Weight training—also called strength or resistance training—has immediate and long-term benefits for women. Resistance training increases muscle strength by making muscles work against an external force or weight. This can be body weight (squats, lunges, planks), free weights (barbells, dumbbells), resistance bands, or weight machines.
The truth about weights and women
But many women don’t add weight to their workouts, thinking it’s unnecessary, that it will take too much effort, or the end result will be bulky muscles. Nicole Mallory, a Certified Strength and Conditioning Specialist and special programs coordinator at WellSpan Results Fitness, says the opposite is true.
“Women lack the male hormones needed to pack on muscle,” she says. Instead, regular weight training increases metabolism which makes it easier to lose fat and build muscle— leading to a shapelier physique. Resistance training also equals better bone health and reduced injuries, and helps make everyday tasks easier. The good news: “There’s never a wrong time in a woman’s life to begin a strength-training program,” says Mallory. “Anyone, at any point, will reap the benefits—whether they’re 20 years old or 80.”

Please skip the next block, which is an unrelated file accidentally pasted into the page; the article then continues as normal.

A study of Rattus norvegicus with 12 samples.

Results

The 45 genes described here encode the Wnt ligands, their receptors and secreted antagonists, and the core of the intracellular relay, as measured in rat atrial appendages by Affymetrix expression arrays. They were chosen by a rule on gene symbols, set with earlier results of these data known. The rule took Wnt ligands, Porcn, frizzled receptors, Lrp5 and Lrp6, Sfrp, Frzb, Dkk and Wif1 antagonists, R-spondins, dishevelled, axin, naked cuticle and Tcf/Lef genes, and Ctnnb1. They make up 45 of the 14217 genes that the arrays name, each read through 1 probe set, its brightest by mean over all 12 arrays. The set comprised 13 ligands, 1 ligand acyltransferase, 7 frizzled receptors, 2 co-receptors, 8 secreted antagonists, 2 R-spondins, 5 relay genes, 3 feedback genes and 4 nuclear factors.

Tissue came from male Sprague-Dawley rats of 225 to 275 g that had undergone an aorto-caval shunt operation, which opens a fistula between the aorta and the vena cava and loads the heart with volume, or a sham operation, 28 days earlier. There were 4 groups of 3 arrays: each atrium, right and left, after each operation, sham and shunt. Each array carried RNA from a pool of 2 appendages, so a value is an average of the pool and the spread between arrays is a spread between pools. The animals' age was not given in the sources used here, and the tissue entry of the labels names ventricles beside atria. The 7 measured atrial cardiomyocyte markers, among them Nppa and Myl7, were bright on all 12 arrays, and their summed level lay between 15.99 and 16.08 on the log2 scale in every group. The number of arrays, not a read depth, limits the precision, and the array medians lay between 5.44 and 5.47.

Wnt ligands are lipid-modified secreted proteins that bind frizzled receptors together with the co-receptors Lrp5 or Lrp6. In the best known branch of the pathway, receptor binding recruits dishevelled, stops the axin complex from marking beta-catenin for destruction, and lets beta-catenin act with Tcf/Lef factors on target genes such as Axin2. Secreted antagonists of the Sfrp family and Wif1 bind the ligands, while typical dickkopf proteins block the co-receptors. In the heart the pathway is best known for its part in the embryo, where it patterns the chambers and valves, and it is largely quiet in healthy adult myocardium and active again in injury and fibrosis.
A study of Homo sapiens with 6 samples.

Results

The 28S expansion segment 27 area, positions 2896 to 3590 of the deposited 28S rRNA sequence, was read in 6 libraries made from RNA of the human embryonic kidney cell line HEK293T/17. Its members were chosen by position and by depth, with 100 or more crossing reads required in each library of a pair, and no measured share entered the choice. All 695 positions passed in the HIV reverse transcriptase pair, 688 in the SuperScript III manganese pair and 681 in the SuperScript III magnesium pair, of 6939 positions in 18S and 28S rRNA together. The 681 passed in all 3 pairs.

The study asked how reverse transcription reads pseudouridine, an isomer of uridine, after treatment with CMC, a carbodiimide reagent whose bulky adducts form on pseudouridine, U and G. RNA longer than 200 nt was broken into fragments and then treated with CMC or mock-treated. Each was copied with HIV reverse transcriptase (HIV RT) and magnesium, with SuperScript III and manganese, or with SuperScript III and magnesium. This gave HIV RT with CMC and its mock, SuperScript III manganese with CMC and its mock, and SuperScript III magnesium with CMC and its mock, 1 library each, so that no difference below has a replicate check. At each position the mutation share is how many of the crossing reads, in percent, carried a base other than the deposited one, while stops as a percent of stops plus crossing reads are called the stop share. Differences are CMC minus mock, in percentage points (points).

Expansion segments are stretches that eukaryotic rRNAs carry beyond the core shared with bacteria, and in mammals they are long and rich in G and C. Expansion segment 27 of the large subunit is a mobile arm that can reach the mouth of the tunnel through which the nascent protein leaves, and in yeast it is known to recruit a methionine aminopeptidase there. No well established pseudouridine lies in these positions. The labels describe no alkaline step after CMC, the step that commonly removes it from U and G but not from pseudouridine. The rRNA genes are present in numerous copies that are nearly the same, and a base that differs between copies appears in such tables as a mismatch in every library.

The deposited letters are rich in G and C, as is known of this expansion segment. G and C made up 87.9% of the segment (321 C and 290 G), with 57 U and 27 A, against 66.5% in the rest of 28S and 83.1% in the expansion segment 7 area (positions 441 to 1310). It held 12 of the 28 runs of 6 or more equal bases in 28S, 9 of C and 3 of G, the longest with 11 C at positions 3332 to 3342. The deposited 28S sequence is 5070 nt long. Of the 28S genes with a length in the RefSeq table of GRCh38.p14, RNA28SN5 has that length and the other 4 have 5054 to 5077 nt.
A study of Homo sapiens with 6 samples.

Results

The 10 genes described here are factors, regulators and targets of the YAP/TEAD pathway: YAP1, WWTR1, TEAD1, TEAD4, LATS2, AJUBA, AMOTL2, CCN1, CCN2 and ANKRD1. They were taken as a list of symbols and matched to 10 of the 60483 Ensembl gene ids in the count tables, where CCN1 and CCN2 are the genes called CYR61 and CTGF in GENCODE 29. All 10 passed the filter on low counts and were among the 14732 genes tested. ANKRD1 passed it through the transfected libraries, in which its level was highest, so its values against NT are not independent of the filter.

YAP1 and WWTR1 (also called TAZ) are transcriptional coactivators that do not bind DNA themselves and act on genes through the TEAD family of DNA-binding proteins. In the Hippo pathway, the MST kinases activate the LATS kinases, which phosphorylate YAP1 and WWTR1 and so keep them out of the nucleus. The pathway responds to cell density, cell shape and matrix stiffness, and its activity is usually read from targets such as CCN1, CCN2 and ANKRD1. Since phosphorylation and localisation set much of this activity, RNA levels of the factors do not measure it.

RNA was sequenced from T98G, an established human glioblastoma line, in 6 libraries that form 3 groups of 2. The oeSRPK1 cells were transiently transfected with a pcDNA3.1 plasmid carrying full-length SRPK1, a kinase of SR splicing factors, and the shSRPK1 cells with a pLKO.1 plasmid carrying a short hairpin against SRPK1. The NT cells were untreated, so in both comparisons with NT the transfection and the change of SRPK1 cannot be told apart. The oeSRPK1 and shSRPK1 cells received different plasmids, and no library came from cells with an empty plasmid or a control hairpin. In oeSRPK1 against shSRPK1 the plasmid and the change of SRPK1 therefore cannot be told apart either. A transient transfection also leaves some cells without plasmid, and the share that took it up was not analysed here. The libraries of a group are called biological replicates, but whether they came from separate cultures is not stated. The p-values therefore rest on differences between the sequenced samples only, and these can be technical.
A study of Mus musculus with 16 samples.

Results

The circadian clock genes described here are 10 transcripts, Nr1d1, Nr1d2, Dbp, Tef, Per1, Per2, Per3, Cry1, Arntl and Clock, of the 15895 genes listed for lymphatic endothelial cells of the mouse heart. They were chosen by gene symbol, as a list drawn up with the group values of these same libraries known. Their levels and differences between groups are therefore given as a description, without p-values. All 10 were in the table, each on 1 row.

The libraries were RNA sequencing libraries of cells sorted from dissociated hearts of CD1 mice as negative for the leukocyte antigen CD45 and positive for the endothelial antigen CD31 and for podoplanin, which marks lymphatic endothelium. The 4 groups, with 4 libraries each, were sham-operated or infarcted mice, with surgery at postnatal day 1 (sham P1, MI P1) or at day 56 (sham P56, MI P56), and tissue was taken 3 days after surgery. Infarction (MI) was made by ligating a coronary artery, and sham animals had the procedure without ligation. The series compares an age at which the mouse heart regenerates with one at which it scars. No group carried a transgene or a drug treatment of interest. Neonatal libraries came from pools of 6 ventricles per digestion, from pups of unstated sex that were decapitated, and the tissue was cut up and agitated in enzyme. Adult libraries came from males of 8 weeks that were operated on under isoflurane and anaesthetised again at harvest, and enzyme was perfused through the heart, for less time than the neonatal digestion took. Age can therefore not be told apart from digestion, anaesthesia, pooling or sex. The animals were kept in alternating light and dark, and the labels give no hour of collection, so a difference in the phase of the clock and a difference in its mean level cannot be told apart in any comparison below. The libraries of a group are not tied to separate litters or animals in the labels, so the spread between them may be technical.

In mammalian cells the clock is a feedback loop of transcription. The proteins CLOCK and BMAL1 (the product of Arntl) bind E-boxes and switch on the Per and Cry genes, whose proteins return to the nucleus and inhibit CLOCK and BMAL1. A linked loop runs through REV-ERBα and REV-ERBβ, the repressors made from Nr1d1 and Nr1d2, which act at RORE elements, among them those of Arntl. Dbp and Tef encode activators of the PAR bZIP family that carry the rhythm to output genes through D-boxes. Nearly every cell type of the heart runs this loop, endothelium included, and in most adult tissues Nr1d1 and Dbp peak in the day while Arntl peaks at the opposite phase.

A certified personal trainer can take the mystery out of resistance training by customizing a safe and effective program. They’ll demonstrate proper form and help choose poundage for weights. Mallory recommends circuit workouts that elevate the heart rate and incorporate compound exercises that use multiple muscle groups. The American Heart Association says adults should exercise each muscle group at least two times per week, performing one set of eight to 12 repetitions, working the muscles to the point of fatigue. Here’s a sample strength-training workout for beginners:
- 12 bicep curls
- 12 triceps extensions
- 12 chest presses
- 12 dumbbell rows
- 12 bodyweight squats
- 12 stationary lunges
- 12 side lunges
- 12 glute bridges
“Weight training can totally reshape your body,” says Mallory. “But your actual weight may not change. Pay attention to body composition changes and how your clothes fit, not the number on the scale.”